Noel Lynch

EDPAC International


Energy Savings in Data Centres


Data centre growth in Ireland has been driven partly by our location within Europe and to a considerable degree by our climate.  Design criteria for data centres in Ireland ranges from -10oC in Winter to 28.9oC in Summer.  The ASHRAE guidance on managing the data centre environment between 5.5oC and 15oC ensures that direct cooled data centres can be cooled using fresh air and an adiabatic type humidifier with PUE’s approaching unity.  In addition, modern servers are more resilient operating within wider temperature and humidity bands than the older ‘legacy’ systems.  The major IT companies, such as Apple, Facebook, Amazon, Dell, Digital Realty and Google are establishing significant data centres here in Ireland.

Where does this leave all the older legacy data centres, telecom hubs, etc. ?  While many of these were set up using older technology, there are many opportunities available to upgrade these systems and significantly reduce operating costs.  Some low cost high return areas to review in seeking opportunities to reduce cost include:

A Determine the Real Load:

It is important to determine the real load within the data centre / hub.  In a very recent enquiry for 6 x 100kW of cooling, it was suggested that the load be physically measured and it was found that 6 x 60kW would handle the load and provide redundancy.  This provided not only capital savings to the client, but also considerable operating savings and freed up power.

B Match the airflow to the load and remove conflict:

In systems with oversize cooling capacities, many operators run all the systems all the time. For 12oC ∆T, 250m3/hr/kW is required, whereas, for 10oC ∆T, 300m3/hr/kW is required.  In a recent improvement programme with Arup, fan absorbed power was reduced by an incredible 90%; this included upgrading the fans to EC type with tight load management. All systems should operate as one to avoid conflict with central sensor control and intersystem LAN’s.

C Manage the Underfloor Pressure:

Systems were typically designed around maintaining underfloor pressures of 75Pa / 0.3”. More modern systems operate at 20Pa and the floor tiles are designed around this. As pressure x volume is power, it is important not to over pressurise the floor.  Note that up to 8W per kW of room load (10oC ∆T) can be eliminated by reducing the pressure from 75Pa to 20Pa.

D Raise the operating temperature within the Room:

Conservative IT managers continue to persevere with operating temperatures as low as 18oC.  Raising this set-point increases the efficiency of any cooling system.  For instance, with direct expansion systems, 1oC increase in evaporating temperature can increase the system efficiency by 3%; reducing the condensing temperature on the other hand by 1oC offers 2%.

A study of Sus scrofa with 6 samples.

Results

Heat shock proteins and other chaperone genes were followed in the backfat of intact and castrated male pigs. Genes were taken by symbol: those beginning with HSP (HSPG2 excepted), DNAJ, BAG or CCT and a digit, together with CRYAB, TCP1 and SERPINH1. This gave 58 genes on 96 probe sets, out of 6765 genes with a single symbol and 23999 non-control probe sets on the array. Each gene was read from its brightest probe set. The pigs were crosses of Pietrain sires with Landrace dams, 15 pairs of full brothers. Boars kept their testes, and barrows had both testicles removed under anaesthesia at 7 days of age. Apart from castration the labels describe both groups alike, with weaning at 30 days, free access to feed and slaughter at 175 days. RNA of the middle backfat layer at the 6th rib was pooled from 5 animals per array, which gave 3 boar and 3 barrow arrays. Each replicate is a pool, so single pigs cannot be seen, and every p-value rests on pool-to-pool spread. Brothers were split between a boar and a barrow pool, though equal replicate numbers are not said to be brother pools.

E Manage Supply and Return Air Path – Aisle Containment:

With open rooms, where air movement is not controlled, a high level of mixing can occur causing the system ∆T to be compromised.  Aisle containment can be used on the cold or hot aisles to manage this process and ensure that the maximum ∆T is attained for the room.

F Free Cooling:

If access can readily be gained to a source of outside air, and if the local Standard Operating Procedure (SOP) allows it, then direct air free cooling is an option with a short payback.  If the SOP is conservative with regard to humidity, then the span over which the free cooling operates can be reduced.  Fluid free cooling options with external drycoolers, where internal coils can be added to the airside plenums or the units themselves.

G Extend / Raise the operating envelope:

Many rooms are managed on very tight operating bands forcing dehumidification and humidification at the extents of the bands.  Many direct expansion systems will tend to bottom out at 35/40% RH due to the normal operation of the direct expansion coil.  In many cases, it is highly unlikely that dehumidification is required and depending on the integrity of the vapour barrier, a small amount of humidification may be required in very cold outdoor temperature conditions.

Finally, do not forget the lights ! – there may be several kW available here with switching them off or replacing them.